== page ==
Canon 1387 states:
A priest who in the act, on the occasion, or under the pretext of confession solicits a penitent to sin against the sixth commandment of the Decalogue is to be punished, according to the gravity of the delict, by suspension, prohibitions, and privations; in graver cases he is to be dismissed from the clerical state.
This canon includes not only the solicitation of a female to commit a sexual act with the confessor himself, but involves any sin against the sixth commandment, whether it be a sin committed together by confessor and penitent (regardless of sex or age), or by the penitent with another, or by the penitent alone.
Dr Peters quotes some Canonical authors:
Solicitation exists if the confessor sinfully suggests that the person commit impure acts alone or with others, for example, counsels the use of contraceptives. (Patrick Lydon, Ready Answers in Canon Law (1937), 483)
Indeed, the delict is committed even by wrong advice as to the sinfulness of evil thoughts. (Abbo-Hannan, Sacred Canons (1960) II: 30)
There seems to be no doubt that a confessor’s advice toward immoral activity in sexual matters, whether it concerns acts to be performed by the penitent alone [e.g. self-abuse or the use of pornography - my addition], with a third party, or with the confessor himself, constitutes solicitation in confession and hence is a very serious crime under modern canon law.
Peters then studies the canonical procedures to be followed in the prosecution of a case of an alleged crime of solicitation. Most canonical crimes are adjudicated at diocesan level. Only a small number of crimes are reserved to the Holy See in the light of their particular gravity. Only if the confessor has solicited a penitent to sin against the sixth commandment with himself is it reserved to the Apostolic See in accordance with norms issued in 2001. This is not to belittle other crimes but to acknowledge the dignity of local Churches as having within themselves in the person of the Bishop full judicial power over that Church. The reservation to the Holy See occurs, among other reasons, because of the wider consequences of a particular crime for the Universal Church or because of the particular expertise/resources that may be needed which a local Church may not possess.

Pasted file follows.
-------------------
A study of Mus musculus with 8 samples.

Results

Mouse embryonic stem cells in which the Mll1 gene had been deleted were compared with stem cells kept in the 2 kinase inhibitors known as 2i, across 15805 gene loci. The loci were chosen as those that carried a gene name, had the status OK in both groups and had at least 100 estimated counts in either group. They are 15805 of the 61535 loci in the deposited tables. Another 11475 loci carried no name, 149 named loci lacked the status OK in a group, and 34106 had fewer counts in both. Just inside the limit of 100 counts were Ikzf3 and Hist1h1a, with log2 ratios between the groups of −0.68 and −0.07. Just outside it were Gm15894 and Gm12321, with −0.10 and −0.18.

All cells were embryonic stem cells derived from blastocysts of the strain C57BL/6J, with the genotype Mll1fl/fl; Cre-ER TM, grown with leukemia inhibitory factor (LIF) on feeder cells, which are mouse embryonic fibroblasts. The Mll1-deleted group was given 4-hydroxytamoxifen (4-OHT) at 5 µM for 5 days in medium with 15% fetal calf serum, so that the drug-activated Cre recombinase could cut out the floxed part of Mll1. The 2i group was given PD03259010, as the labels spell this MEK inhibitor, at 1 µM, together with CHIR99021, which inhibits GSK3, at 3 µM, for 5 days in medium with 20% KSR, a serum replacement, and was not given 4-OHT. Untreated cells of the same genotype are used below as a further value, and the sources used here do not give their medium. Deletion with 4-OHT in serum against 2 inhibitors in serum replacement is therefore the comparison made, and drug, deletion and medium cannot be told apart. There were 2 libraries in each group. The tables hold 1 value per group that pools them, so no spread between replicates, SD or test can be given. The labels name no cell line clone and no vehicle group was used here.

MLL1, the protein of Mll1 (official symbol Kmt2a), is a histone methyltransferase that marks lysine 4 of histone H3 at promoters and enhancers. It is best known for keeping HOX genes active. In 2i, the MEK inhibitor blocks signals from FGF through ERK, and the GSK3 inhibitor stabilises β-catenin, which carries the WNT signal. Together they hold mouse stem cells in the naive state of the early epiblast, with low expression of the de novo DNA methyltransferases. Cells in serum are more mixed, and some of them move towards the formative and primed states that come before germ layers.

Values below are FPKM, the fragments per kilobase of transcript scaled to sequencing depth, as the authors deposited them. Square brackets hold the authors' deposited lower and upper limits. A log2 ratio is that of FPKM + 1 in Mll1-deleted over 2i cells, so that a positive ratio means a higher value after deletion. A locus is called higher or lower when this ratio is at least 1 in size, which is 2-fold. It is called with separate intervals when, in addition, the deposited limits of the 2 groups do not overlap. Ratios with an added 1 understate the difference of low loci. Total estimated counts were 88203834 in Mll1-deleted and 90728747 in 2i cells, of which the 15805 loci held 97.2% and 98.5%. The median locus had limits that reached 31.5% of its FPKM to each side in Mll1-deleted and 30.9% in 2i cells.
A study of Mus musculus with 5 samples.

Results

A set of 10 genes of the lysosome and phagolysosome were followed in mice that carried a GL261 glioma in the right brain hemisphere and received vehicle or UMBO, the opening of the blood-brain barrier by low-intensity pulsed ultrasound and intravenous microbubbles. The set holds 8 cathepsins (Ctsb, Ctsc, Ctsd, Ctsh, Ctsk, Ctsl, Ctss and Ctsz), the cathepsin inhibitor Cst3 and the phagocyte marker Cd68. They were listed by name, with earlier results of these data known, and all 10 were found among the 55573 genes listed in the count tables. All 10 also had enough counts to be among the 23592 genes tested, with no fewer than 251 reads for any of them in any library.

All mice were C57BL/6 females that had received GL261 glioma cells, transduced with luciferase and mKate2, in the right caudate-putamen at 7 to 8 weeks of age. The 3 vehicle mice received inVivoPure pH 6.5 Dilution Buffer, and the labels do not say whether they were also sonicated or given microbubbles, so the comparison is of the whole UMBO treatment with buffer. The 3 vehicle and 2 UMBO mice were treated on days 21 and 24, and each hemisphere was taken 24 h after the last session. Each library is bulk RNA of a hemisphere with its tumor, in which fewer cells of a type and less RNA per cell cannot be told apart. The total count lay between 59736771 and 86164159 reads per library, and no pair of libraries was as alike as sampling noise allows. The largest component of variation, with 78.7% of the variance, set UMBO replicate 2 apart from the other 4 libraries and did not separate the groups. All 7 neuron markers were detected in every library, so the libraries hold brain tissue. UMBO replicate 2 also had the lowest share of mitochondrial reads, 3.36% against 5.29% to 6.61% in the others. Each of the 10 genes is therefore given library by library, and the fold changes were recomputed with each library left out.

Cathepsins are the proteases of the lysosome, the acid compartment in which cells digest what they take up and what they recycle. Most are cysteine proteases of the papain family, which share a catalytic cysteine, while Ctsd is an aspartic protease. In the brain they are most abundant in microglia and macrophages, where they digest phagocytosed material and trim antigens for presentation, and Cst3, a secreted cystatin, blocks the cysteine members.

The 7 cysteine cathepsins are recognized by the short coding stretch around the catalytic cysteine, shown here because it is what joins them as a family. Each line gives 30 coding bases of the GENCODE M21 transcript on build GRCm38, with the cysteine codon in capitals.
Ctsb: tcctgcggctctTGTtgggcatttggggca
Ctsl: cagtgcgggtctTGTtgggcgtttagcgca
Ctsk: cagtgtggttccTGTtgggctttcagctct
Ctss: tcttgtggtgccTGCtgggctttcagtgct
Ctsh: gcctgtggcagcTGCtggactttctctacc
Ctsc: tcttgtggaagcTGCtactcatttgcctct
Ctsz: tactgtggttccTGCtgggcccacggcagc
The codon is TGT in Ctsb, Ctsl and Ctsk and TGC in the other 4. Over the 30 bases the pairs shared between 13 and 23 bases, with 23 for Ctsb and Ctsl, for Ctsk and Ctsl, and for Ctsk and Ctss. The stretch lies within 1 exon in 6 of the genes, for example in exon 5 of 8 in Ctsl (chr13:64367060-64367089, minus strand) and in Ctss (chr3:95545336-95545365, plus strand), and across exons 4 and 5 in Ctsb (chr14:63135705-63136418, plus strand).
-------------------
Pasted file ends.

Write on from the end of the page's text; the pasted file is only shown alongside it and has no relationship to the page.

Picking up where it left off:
As a confessor, I find this article very helpful in affirming in me the importance of being very clear with penitents. The penitent must never be allowed to think that the confessor has said "contraception is alright" or that "it's up to your conscience", or that illicit relationship (e.g. an irregular "marital" union) can be tolerated and expressed sexually. This would be to solicit the penitent in a sin against the sixth commandment. I don't want to be anywhere near that position.
I have, regrettably, come across Catholics who have responded to my teaching against contraception or homosexual relations or illicit unions by saying that another priest, whether during or outside Confession, has left them with the impression that it was alright. I am sure I am not alone.
The existence of penalties in the Church serves a number of purposes. One is to punish after a crime has been committed. Another is to warn anyone who might be tempted that there are consequences in committing a crime. The weak need these warnings. A further purpose is to affirm the true doctrine of the Church and to encourage fidelity. The Church is truly a mother in this manner and seeks to be a true Mirror of Justice.
If you have read this far, do read Dr Peters' article.